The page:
George Town—Malaysia’s Deputy Tourism and Culture Minister Muhammad Bakhtiar Wan Chik said on Tue, Apr l 2, that since hawker food is common to both Singaporean and Malaysian cultures, the two countries could perhaps jointly apply for UNESCO recognition for cultural heritage for the hawker culture.
He explained that this is a process called “serial nomination,” according to Free Malaysia Today (FMT).
However, he emphasised that the country is not overly concerned over Singapore’s application: “We are not that worried about Singapore’s listing. We could also have nominated our Teochew “cendol” or “teh tarik” but let’s face it: both countries share similar versions of the same.”
The deputy minister added, “So, I’d like to advise Singapore, let’s submit serial nominations to Unesco, say Penang and Singapore hawker food, together.”
Mr. Bakhtiar said that in the past, Malaysia also had a joint nomination with China for the Wangkang ceremony, which is observed by the Hokkien community in Melaka. The Wangkang is a festival meant to shoo away evil spirits.
He added, “We have done so in recognising the outstanding universal values we share with China, and we expect a favourable decision soon.”
In August 2018, Singapore Prime Minister Lee Hsien Loong had said, “I hope everyone will strongly support this nomination so that our hawker culture can stand proudly in the world stage.”
Singapore recently nominated its hawker culture to be listed under Unesco’s intangible cultural heritage (ICH), using videos, pictures, and letters from various parties to support its nomination.
In connection to the joint nomination with China, Bakhtiar will talk to Singapore’s National Heritage Board about the joint submission to UNESCO.
“Unesco will never stop a country from nominating any culture deemed unique. We have “chingay”, “dikir barat”, “boria” and other cultural performances that are unique to Malaysia,” he said.
However, the issue of hawker food and culture has not always been a friendly one between the two nations. Last year, after Singapore began its efforts towards the UNESCO nomination, many Malaysians criticized this endeavor. Additionally, Malaysian food critics were reportedly saying that Singapore’s hawker centres were too sanitized to compete with authentic Malaysian versions.
An article in the New York Times (NYT) quotes one netizen as saying, “There is hardly any hawker in Singapore, unlike Malaysia. I think they mean they want to protect their air-conditioned food court.”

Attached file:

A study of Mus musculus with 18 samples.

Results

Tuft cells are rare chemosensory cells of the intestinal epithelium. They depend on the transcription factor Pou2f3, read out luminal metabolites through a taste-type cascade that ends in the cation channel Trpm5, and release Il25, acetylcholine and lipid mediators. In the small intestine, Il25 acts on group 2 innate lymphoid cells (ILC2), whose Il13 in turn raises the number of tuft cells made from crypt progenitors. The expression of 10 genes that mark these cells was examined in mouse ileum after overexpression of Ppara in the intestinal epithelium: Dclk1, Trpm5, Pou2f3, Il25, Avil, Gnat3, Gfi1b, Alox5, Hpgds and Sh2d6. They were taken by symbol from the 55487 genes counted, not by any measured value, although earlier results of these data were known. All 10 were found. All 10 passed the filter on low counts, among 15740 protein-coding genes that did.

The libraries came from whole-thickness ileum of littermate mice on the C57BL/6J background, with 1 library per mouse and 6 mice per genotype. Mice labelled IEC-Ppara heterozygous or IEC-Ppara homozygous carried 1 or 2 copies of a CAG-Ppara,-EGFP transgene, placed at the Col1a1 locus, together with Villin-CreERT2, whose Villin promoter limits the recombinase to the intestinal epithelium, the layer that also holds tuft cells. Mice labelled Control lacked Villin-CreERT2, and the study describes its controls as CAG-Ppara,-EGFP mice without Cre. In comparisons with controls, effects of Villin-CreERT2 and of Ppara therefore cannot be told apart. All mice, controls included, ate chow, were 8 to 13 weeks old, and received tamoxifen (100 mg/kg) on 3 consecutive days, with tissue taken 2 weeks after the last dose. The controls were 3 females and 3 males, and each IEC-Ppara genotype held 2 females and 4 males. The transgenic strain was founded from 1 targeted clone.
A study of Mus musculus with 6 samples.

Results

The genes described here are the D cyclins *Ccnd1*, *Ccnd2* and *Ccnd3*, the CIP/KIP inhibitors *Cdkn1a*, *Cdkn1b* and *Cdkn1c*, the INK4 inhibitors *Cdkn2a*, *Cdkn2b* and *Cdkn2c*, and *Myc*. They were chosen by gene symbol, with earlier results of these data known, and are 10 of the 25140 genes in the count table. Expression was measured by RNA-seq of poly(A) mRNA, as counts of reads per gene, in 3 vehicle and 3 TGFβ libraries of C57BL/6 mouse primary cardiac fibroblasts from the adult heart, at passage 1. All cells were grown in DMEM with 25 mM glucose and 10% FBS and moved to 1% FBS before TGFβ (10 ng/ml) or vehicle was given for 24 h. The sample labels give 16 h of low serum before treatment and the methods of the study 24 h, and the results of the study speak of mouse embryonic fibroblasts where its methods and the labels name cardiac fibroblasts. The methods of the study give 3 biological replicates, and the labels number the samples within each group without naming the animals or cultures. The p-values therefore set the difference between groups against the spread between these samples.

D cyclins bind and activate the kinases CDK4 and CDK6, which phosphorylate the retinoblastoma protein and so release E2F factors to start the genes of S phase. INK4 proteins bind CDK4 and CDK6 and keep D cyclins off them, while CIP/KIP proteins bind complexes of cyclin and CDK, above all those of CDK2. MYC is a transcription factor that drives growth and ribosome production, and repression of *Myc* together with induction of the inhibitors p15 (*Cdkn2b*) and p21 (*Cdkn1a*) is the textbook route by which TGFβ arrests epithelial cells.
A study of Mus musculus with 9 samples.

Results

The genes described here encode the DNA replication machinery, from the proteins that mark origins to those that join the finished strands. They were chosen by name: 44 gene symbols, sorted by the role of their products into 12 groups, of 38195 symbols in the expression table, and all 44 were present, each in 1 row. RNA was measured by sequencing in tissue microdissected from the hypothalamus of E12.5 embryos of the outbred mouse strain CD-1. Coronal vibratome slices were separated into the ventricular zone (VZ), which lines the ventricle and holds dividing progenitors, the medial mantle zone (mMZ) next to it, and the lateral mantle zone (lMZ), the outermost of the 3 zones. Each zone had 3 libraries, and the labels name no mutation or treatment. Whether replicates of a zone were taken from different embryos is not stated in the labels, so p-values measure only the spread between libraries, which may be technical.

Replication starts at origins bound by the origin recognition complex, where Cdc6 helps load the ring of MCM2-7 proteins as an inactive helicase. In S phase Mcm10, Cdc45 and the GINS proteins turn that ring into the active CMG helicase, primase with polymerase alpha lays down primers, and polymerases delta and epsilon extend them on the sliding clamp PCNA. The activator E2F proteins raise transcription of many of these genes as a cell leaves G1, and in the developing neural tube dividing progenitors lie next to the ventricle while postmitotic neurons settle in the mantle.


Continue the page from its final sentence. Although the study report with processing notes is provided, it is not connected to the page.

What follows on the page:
Another commenter said, “What “hawker culture”? Unless they’re talking about preserving their “unique food court or square culture”? Malaysia should be the one trying to save our hawker scene & not have it turned into the sanitized, for lack of a better word, like Singapore”.
The NYT also quotes Samantha Khor, a senior writer at Malaysian news and lifestyle site Says, who expressed that her colleagues and her doubted that Singapore’s hawker food was good enough. “We’re very proud and protective of our hawker culture, I think. Singapore’s hawker food is just not at our standard, particularly in Penang and Sarawak and the cities of Ipoh and Petaling Jaya.”.
Singapore is well known for its hawker food stalls, which are indeed considered a national treasure. They were even prominently featured in last year’s summer Hollywood blockbuster hit “Crazy Rich Asians”.
Singapore’s hawker culture is part and parcel of everyday life, with the South China Morning Post reporting that over twenty-five percent of Singaporeans in one poll said food had a higher significance for them than traditional performance arts or festivals. Moreover, 8 out of every 10 Singaporeans eat in hawker centers at least once every week.
The roots of hawker culture go back to the middle of the 19th century, and the industry’s focus has always been serving delicious food at affordable prices.